Cherno Biko Discusses Transgender Rights

Photo by Hannah Reasoner

On Friday, Sept. 18, Ramapo College welcomed Cherno Biko, a transgender advocate, to come and speak to faculty and students about issues surrounding the transgender community. Ramapo was the first stop on Biko’s "Mrs. Biko World Tour," during which she will stop at various colleges to talk about such issues.

Biko started off by saying how this time period is an interesting moment in the movement toward transgender rights. Biko brought up the 20 trans women of color who have been murdered this year. It was these women, she admitted, that inspired her to be an advocate for this cause.

“It’s important not to just remember the dead but to fight like hell for the living. Those girls inspire me to fight every day, because I always have this feeling that I’ll be next; I’ll be a hashtag, that there will be rallies for me,” Biko said.           

Biko’s message was that when the transgender community shows up as an authentic whole, it allows others to do the same. She stressed that both black transgender lives and black lives matter.

“We’re in a state of emergency when it comes to folks like us,” Biko commented. “We need all hands on deck to stop the genocide that’s happening. Somebody has to start changing these forces that are trying to make us believe that our lives don’t matter.”

Biko brought up issues including the lack of health care transgender people in prison receive, the corruption of certain therapists who "diagnose" whether one is transgender or not and the overall poor treatment of transgender people in prison.

Transgender people are often forgotten by the gay and lesbian community. There was a distancing in the '70s from the lesbian and gay community and the transgender community because the former wanted to be seen as "normal." Biko added that it seems transgender people get thrown under the bus often.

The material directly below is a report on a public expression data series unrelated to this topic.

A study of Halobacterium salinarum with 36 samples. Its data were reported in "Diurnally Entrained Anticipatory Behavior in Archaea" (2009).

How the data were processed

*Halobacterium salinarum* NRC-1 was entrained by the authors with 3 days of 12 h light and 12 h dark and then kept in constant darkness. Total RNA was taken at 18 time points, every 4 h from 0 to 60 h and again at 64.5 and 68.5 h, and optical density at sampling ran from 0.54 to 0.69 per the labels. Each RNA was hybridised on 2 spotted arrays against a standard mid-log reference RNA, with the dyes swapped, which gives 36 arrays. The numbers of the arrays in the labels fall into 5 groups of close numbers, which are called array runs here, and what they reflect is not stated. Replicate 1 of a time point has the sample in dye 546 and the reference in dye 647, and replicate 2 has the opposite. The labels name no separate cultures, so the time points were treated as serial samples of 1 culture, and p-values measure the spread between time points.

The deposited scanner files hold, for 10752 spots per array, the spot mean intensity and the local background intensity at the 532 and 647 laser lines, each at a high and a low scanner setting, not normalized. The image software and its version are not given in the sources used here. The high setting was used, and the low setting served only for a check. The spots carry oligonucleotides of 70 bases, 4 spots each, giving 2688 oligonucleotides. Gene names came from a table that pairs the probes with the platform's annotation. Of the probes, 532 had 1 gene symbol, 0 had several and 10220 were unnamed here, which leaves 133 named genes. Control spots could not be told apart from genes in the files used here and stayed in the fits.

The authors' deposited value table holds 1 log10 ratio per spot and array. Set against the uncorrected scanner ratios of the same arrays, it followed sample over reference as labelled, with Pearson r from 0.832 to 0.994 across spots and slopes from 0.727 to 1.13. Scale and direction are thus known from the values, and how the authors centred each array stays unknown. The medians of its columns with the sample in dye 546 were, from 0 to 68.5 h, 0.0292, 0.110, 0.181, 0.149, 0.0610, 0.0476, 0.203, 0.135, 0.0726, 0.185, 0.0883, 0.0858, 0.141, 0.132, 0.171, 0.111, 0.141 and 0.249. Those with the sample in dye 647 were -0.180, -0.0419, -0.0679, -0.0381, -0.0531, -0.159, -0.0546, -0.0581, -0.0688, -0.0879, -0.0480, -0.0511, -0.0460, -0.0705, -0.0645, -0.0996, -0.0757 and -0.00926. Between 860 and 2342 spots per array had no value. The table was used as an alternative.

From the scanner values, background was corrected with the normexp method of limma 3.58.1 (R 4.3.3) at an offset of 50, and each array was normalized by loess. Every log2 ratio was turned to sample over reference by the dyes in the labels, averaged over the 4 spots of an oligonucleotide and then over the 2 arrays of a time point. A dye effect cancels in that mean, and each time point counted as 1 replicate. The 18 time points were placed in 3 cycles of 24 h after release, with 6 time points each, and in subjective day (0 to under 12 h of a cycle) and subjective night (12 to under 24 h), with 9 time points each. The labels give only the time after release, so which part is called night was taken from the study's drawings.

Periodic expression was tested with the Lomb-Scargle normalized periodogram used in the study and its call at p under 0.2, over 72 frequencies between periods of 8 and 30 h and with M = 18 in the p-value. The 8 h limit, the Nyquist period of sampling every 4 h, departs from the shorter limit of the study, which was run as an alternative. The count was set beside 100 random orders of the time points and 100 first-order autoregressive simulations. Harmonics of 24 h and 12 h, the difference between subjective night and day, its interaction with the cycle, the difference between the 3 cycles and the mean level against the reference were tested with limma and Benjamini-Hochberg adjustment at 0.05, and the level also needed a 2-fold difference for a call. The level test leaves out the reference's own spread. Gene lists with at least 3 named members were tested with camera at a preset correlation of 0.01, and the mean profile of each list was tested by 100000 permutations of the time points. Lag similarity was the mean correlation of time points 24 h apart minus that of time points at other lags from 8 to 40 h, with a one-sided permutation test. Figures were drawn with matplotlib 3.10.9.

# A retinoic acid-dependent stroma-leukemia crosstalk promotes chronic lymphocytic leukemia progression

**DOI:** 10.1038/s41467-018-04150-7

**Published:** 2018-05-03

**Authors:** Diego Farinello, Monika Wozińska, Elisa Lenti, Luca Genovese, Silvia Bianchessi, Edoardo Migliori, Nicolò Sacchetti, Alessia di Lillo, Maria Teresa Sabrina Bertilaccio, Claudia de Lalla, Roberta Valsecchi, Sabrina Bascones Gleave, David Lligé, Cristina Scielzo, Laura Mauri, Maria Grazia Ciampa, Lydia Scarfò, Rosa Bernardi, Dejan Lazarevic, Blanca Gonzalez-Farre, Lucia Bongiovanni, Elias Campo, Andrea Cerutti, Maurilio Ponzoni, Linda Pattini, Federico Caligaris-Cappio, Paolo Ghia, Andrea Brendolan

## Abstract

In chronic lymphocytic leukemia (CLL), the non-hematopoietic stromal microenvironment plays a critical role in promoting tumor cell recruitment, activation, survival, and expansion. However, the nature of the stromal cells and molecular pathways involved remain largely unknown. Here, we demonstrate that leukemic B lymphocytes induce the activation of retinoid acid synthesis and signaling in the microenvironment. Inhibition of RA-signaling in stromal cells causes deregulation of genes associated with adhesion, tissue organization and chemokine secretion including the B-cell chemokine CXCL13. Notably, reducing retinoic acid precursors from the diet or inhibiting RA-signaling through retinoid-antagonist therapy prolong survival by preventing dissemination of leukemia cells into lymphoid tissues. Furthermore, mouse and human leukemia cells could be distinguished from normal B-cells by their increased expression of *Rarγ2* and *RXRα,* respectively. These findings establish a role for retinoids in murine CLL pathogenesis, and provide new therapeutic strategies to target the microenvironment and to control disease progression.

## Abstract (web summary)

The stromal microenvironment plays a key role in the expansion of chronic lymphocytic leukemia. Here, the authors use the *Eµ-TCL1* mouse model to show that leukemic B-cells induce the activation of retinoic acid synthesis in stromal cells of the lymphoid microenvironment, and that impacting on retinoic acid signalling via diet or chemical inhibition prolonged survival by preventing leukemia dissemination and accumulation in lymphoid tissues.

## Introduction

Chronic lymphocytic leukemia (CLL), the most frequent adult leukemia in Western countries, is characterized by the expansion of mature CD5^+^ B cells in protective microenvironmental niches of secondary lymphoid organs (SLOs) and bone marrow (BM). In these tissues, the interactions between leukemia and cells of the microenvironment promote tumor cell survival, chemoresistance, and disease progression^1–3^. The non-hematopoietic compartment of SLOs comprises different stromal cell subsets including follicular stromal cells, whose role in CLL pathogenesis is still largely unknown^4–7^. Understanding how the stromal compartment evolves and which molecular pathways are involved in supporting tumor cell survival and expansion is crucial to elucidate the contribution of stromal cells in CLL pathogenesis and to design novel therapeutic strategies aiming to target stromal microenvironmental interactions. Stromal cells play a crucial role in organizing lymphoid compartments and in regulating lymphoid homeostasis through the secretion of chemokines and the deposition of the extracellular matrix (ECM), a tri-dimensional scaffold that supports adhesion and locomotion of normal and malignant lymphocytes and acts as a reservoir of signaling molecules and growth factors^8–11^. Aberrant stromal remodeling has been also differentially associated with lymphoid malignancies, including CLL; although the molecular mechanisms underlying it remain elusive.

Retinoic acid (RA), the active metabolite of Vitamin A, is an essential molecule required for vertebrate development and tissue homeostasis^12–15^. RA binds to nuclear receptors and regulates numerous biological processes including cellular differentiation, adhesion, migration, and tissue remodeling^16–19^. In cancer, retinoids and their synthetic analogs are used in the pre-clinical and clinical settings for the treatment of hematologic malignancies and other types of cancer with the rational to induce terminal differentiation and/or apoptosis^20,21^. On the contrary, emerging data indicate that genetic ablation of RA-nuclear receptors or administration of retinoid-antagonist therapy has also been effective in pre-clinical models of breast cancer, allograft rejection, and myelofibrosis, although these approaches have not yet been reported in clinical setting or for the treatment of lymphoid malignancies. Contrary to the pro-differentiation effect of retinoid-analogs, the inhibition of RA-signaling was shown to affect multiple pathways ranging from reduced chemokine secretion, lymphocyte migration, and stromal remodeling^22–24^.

In regard to the fight for liberation, Biko had this to say: “I believe that we are the ones we’ve been waiting for. We know how to take care of ourselves. Keeping that in mind always gives me hope because no one’s going to do it but us.”

When asked why there’s such a fear of transgender people, Biko offered an insightful response.

“People are afraid of transgenders because of the change that we bring; we hold a mirror to society and once we begin to prioritize our most vulnerable, our community is at risk. Then people have to acknowledge their privilege and protest it, and people don’t want to do that,” Biko said.

She added that the students of today are the leaders of tomorrow, and we are the ones who will be deciding "who gets to live and who doesn’t."

Cheryl Schoch, a senior at Ramapo who attended the event, said she was impressed.

“I was really surprised to see the turn out in Friends Hall. Ms. Biko was incredibly well-spoken. She touched on some great topics, such as the ‘T’ in LGBT, health care and Stonewall, to name a few,” Schoch commented.

Biko sends a message of love to those who don’t have the support of their families. She urges those people to not give up, and to build a support system around themselves, full of people who are "like you and who understand you."